Crusaders-live_montreux_2003_span3
April 2009

The Crusaders
Live at Montreux 2003

The Crusaders haven’t been a commercial (or, arguably, artistic) force in a quarter-century, and only two original members, keyboardist Joe Sample and saxophonist Wilton Felder, were still onboard at the time of this 2003 gig. But little about the group had changed since its ’70s heyday, and that seemed just fine with the Montreux audience. Touring behind their then-recent album Rural Renewal, the Crusaders still walked a fine and satisfying line between the smooth-jazz and light funk that catapulted them into the mainstream once they abbreviated their name from Jazz Crusaders.

Sample and Felder are fine musicians, no denying that. Although there is a decided lack of edge to their playing, it’s robust and they run a tight ship: the lineup for this show, which included Ray Parker Jr. (of “Ghostbusters” fame) on guitar, Stephan Baxter on trombone, Kendrick Scott on drums and Freddie Washington on bass, finds a non-challenging groove early and stays with it. On “Creepin’,” a ballad from Rural Renewal, Sample’s Fender Rhodes work is gutsy and bluesy and both Felder and Baxter turn in strong, meaty solos. “Put It Where You Want It,” a mid-tempo Stax-like R&B jam, is the first of the night that kicks up any dust: Felder is wailing, but Parker, on his first real showcase solo, only demonstrates that he’s no innovator.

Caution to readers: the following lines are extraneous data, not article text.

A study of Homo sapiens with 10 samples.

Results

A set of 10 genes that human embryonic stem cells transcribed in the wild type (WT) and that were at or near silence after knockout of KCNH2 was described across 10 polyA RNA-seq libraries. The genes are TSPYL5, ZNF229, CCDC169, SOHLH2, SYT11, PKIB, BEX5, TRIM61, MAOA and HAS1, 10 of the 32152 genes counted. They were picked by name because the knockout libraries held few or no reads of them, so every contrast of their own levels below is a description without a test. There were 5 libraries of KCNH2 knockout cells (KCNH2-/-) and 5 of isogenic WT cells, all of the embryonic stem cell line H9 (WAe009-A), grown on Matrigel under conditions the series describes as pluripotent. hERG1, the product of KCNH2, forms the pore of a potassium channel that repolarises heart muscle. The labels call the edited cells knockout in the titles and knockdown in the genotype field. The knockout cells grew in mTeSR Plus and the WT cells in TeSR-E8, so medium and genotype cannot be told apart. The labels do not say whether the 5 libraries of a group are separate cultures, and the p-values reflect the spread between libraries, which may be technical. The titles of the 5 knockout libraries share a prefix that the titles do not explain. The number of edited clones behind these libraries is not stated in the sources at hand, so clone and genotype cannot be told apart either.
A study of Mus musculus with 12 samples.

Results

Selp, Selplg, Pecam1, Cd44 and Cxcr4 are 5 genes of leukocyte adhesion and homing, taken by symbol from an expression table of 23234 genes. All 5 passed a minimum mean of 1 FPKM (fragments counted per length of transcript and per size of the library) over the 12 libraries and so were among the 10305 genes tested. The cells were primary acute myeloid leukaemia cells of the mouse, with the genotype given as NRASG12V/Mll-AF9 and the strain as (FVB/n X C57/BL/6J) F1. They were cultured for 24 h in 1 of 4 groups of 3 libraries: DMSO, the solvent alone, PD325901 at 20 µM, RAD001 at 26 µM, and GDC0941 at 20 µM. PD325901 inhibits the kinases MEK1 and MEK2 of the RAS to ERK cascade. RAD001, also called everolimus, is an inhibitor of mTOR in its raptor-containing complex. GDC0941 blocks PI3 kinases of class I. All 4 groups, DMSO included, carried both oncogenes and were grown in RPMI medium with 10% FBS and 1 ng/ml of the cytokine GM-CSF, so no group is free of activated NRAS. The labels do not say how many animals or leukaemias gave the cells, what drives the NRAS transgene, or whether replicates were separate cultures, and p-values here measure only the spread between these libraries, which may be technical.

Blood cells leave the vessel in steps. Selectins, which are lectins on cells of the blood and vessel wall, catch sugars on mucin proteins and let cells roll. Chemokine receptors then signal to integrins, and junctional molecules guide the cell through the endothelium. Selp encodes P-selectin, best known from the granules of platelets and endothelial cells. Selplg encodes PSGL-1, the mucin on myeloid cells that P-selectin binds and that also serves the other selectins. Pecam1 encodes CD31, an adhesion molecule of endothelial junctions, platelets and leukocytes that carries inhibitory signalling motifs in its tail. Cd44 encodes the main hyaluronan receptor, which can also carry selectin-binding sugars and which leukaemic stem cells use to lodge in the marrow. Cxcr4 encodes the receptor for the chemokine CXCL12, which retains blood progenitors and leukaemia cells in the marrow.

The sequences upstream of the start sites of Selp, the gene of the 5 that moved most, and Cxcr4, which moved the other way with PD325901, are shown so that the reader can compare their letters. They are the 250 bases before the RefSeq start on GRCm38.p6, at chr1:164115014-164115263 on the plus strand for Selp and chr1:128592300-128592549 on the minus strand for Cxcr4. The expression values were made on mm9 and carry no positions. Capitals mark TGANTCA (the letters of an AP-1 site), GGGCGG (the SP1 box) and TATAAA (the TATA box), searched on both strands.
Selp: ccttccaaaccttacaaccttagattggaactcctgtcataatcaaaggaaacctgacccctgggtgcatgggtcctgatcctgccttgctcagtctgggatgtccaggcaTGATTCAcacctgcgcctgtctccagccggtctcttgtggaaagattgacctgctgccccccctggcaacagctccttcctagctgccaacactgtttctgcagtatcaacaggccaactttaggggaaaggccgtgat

The program doesn’t truly pick up steam until midway through, when vocalist Randy Crawford joins in. Crawford sang on the band’s biggest hit, 1979’s “Street Life,” and she handles it masterfully here, bringing a true soul to the proceedings that was only hinted at before. Easily scaling from low to high notes without strain or bombast, she’s a class act. Her first song with the group, B.B. King’s “The Thrill Is Gone,” is a highlight of the set, and she sings “Soul Shadows” in a subdued, sensual voice. Only her take on John Lennon’s “Imagine” fails to gain any traction. And why the cameras, otherwise utilized to great effect to spotlight the individual musicians’ abilities, repeatedly return to a pair of robotic toy dogs traversing the stage is anyone’s guess.

The set ends with Parker delivering “Ghostbusters,” which comes off as the gratuitous pander that it is—the audience responds to “Who you gonna call?” with “Crusaders!”—but by then the Crusaders have already proven to Montreux that they’ve still got what it takes.